Charlene Makley, Associate Professor of Anthropology at Reed College, has won an American Council of Learned Societies fellowship for her project, “The Politics of Presence: State-Led Development, Personhood and Power among Tibetans in China.” The ACLS Fellowship is competitive—approximately 65 recipients are selected from more than 1020 submissions.

The International Campaign for Tibet has recorded more than 125 self-immolations in Tibet since February of 2009.  These individuals have set themselves on fire to protest the extreme measures taken by the Chinese government in the wake of the Tibetan unrest that occurred in the spring of 2008, during which time Professor Makely was conducting research in the region.

Makley will write about her time in Tibet during this tumultuous period, the massive Sichuan earthquake, and the great spectacle of the Beijing Olympics. She would like her work to bring attention to the underlying causes of the ongoing protests as well as the self-immolations.

Makley began working on the project in the early 2000s, just after China's central government launched the Great Western Development Campaign, which produced new dilemmas for Tibetans as the circulation of people, money, and information intensified in the frontier zone. Her primary fieldwork was conducted in 2007–08 in Rebgong, which is northwest of Labrang and the site of the famous Geluk-sect Buddhist monastery of Rongwo.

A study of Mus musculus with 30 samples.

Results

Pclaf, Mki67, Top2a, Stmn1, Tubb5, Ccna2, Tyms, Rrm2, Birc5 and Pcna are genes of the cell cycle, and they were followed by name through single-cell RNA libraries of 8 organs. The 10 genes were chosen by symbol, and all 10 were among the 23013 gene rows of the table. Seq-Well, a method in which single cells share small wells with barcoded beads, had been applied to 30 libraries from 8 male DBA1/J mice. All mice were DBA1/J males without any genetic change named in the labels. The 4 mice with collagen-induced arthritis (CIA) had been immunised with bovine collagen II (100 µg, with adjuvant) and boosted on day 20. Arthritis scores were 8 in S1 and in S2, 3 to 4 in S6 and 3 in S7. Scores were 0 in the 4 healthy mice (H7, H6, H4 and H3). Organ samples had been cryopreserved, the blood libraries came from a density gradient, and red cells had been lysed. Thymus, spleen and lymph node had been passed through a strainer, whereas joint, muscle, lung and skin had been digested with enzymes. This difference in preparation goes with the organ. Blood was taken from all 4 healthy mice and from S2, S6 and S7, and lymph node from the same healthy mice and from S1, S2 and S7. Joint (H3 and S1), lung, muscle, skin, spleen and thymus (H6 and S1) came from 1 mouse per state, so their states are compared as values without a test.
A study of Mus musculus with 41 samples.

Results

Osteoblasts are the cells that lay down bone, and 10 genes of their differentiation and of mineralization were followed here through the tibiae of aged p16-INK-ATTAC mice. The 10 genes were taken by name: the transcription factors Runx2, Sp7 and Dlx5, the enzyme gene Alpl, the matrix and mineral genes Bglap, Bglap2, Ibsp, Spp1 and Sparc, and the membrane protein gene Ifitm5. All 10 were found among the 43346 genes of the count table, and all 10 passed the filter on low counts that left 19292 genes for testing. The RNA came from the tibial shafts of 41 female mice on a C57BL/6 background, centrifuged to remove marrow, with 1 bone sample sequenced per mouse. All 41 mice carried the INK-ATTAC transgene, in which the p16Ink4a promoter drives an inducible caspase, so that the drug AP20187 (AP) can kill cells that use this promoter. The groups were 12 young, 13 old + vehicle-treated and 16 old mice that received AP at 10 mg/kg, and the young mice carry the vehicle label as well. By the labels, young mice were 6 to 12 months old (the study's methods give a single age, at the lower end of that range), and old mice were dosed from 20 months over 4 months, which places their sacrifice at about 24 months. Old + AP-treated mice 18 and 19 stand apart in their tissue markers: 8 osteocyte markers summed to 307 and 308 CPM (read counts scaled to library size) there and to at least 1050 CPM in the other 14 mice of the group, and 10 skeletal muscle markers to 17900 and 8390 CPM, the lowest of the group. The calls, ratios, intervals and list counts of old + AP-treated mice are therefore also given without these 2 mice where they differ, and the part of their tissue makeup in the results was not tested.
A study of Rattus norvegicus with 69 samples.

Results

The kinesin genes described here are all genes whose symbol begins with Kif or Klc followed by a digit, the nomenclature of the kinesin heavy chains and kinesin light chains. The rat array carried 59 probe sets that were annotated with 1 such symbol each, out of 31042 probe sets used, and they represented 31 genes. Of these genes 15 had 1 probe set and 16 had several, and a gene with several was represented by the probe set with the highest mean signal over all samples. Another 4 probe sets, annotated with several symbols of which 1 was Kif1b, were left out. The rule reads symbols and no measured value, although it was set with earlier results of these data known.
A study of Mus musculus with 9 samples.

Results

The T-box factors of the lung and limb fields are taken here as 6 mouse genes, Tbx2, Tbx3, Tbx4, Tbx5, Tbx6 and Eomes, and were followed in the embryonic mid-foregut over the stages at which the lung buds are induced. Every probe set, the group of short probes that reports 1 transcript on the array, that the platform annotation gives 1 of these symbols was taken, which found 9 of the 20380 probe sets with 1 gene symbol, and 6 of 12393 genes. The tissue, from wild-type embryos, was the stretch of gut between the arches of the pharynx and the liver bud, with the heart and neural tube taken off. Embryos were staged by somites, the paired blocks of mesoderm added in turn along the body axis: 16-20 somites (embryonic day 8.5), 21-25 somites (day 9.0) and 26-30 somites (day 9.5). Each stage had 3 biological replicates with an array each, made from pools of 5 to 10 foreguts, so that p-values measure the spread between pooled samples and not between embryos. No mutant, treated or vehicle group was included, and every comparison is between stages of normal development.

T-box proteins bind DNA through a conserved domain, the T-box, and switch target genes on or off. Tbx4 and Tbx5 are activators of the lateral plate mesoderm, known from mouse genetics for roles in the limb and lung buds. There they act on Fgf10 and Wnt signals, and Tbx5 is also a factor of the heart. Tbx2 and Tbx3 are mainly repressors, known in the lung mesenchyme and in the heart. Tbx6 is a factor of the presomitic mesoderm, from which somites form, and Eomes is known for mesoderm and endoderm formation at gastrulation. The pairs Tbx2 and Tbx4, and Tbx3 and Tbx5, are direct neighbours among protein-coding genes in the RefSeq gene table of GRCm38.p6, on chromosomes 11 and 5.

“I deepened my analysis of state-local relations in the frontier zone in the wake of the 2008 state of emergency,” said Makley. “I did this by bringing linguistic anthropological approaches to personhood, governance, and authority into dialogue with recent interdisciplinary debates about the very nature of human subjectivity and relations with nonhuman others—including deities and material objects.”

Makley began working in Tibet in 1992, very soon after the region opened to foreign visitors and researchers. A trip with Tibetan friends to Labrang sparked an interest in understanding how Tibetans in that town were rebuilding and transforming their communities after the collective trauma of socialist transformation that began during the 1950s and lasted through the 1970s.